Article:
Recently Deceased Celebrities Demonstrate Importance of Estate Planning
Over the past few months, Paul Walker and Philip Seymour Hoffman both died in sudden and unexpected ways. The latter, from an apparent overdose of heroin in January after decades of straight living; the former, ironically, in a flaming high-speed car crash last November.
At the time of his death, Walker had just turned 40; Hoffman was 46. The untimeliness of the men’s deaths left their respective movie projects incomplete. Walker will appear posthumously in a futuristic thriller, Brick Mansions, set in Detroit, but his Fast and Furious sequel #7 scenes had not been completed at the time of his death. Hoffman will have to be written-out of the Hunger Games trilogy.
The untimeliness of the stars’ deaths also highlights the importance of proper estate planning. A comparison of the actors’ estates -each worth well over $30 million- is instructive with regard to basic estate planning principles.
Last Will versus a Revocable Living Trust.
A proper estate plan, even for persons with a modest estate should include both a trust and what is known as a “pour over” will. A trust is a private instrument while a will is a public instrument. A trust, if funded properly, avoids a public probate process.
Walker had the foresight to execute a trust way back in 2001, when he was starting to hit it big in Hollywood in his break out role in the Fast and Furious series. Hoffman, on the other hand, did not have a trust; merely a simple will. Therefore, his entire estate will need to be probated because he died with a will and not a trust. Hoffman’s assets cannot be disbursed until they are probated; this process will cost money through probate and attorney fees, and will take time.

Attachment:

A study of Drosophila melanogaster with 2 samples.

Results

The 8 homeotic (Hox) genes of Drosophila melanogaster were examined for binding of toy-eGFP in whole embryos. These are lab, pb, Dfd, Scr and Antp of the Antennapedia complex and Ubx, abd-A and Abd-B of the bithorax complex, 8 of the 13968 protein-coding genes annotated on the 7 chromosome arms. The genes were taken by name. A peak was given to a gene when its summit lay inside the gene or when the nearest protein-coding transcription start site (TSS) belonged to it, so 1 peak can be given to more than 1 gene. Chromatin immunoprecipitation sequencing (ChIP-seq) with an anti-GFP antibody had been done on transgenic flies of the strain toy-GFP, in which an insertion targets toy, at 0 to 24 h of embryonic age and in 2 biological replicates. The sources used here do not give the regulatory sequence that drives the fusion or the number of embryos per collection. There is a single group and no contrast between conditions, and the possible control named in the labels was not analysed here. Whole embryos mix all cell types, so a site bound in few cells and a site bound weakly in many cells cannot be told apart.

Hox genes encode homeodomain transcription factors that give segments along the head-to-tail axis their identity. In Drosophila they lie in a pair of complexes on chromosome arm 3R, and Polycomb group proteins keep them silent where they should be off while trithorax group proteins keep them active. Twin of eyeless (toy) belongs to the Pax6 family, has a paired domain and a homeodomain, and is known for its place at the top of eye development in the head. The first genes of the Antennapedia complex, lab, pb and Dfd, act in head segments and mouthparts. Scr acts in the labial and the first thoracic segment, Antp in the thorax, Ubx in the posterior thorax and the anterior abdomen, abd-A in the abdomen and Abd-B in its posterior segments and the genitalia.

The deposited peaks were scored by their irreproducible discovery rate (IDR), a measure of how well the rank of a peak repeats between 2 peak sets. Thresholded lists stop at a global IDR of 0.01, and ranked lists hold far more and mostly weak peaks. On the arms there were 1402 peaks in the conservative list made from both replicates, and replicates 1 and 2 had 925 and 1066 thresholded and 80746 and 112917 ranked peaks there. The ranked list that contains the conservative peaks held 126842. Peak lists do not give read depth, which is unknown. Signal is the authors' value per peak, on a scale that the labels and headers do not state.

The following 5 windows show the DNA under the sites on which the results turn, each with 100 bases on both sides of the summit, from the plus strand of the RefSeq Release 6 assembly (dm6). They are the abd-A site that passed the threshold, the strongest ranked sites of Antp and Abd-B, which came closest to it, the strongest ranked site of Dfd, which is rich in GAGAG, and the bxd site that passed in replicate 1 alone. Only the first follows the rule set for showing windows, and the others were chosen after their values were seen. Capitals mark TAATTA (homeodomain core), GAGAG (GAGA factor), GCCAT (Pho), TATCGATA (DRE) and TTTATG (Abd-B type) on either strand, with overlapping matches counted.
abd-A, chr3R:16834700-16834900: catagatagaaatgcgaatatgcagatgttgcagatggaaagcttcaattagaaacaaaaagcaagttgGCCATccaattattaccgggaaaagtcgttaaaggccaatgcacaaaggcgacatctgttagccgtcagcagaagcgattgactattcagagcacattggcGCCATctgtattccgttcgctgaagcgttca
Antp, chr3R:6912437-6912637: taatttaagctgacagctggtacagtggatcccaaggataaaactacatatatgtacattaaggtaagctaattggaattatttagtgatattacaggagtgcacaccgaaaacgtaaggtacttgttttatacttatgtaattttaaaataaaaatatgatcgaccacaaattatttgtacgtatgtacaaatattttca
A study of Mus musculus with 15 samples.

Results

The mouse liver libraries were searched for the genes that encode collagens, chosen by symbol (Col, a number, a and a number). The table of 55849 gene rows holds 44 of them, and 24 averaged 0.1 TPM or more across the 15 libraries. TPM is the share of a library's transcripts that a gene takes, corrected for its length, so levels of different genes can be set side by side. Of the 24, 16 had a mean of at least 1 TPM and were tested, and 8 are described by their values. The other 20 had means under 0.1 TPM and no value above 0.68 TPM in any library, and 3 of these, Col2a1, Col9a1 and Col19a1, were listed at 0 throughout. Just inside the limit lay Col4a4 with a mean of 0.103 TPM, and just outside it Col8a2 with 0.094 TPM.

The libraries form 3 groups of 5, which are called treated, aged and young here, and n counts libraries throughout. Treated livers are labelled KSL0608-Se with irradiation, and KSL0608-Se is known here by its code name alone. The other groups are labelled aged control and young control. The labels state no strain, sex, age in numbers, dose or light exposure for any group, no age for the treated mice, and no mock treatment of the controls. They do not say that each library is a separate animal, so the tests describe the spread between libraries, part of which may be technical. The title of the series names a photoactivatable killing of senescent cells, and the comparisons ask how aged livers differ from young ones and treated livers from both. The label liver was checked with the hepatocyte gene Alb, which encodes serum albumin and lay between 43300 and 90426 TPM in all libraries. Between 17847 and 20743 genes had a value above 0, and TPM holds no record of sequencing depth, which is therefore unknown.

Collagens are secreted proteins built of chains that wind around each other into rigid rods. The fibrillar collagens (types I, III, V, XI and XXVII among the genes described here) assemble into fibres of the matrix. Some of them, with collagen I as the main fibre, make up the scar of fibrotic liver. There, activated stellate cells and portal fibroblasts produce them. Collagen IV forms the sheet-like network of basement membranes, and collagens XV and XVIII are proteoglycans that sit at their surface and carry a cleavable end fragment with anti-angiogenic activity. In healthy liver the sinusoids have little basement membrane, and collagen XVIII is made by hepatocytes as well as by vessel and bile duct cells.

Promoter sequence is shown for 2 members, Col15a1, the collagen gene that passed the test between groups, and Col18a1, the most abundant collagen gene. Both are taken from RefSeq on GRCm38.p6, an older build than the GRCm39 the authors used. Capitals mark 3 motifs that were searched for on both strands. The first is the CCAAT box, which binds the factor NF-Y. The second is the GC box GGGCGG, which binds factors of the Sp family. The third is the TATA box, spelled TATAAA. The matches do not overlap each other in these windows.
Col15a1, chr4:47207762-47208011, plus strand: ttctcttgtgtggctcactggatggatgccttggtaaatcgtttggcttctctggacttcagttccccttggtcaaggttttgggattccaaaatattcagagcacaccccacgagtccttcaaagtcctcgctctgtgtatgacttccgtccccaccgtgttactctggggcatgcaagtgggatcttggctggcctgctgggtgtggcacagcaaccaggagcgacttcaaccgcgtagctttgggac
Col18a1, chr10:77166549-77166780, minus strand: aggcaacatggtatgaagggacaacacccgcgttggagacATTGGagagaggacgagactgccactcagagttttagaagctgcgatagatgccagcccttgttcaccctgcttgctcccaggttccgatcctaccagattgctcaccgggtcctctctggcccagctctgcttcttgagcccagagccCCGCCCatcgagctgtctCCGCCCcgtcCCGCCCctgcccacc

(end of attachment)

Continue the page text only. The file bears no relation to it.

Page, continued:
Funding the Trust.
When a trust is executed, it is simply a piece of paper unless properly funded. Think of your trust as an empty bucket. To fill that bucket with the assets from your estate, each asset must be re-titled in the name of your trust; otherwise, they will be probated in accord with your “pour-over” will; a document designed to catch any asset in your estate that may have been inadvertently left outside the trust.
An estate planning lawyer can help with timely funding your trust. To be most effective, a trust should be fully funded during your life.
A warranty deed can be executed to transfer the ownership of your home, for example, from you as an individual, to you as the trustee of your revocable living trust. Your financial advisor can assist you with re-titling your brokerage accounts into the trust with a medallion certificate.
Updating Your Estate Plan.
After important life-events, it is critical to update your estate plan. For example, when you have additional children that were not born at the time you initially executed your estate plan, you should update. Or when you become married, and your estate plan was executed when you were single. The death of a spouse is another crucial time when an estate plan should be re-examined.
In Hoffman’s case, his will was nearly a decade old and only referenced the oldest of his three children. Similarly, in Walker’s case, his trust was over a decade old. Hoffman’s oversight will now cause his oldest son to be treated differently than his two younger children to the extent that the oldest inherits his share through his mother, while the younger children will receive a direct inheritance.
Probably not what the actor intended; his younger children, still minors, take a direct inheritance while his oldest, also a minor, gets his money through his mother.
These are just some of the basics. In order to properly plan your estate, you should make an appointment with an estate planning attorney.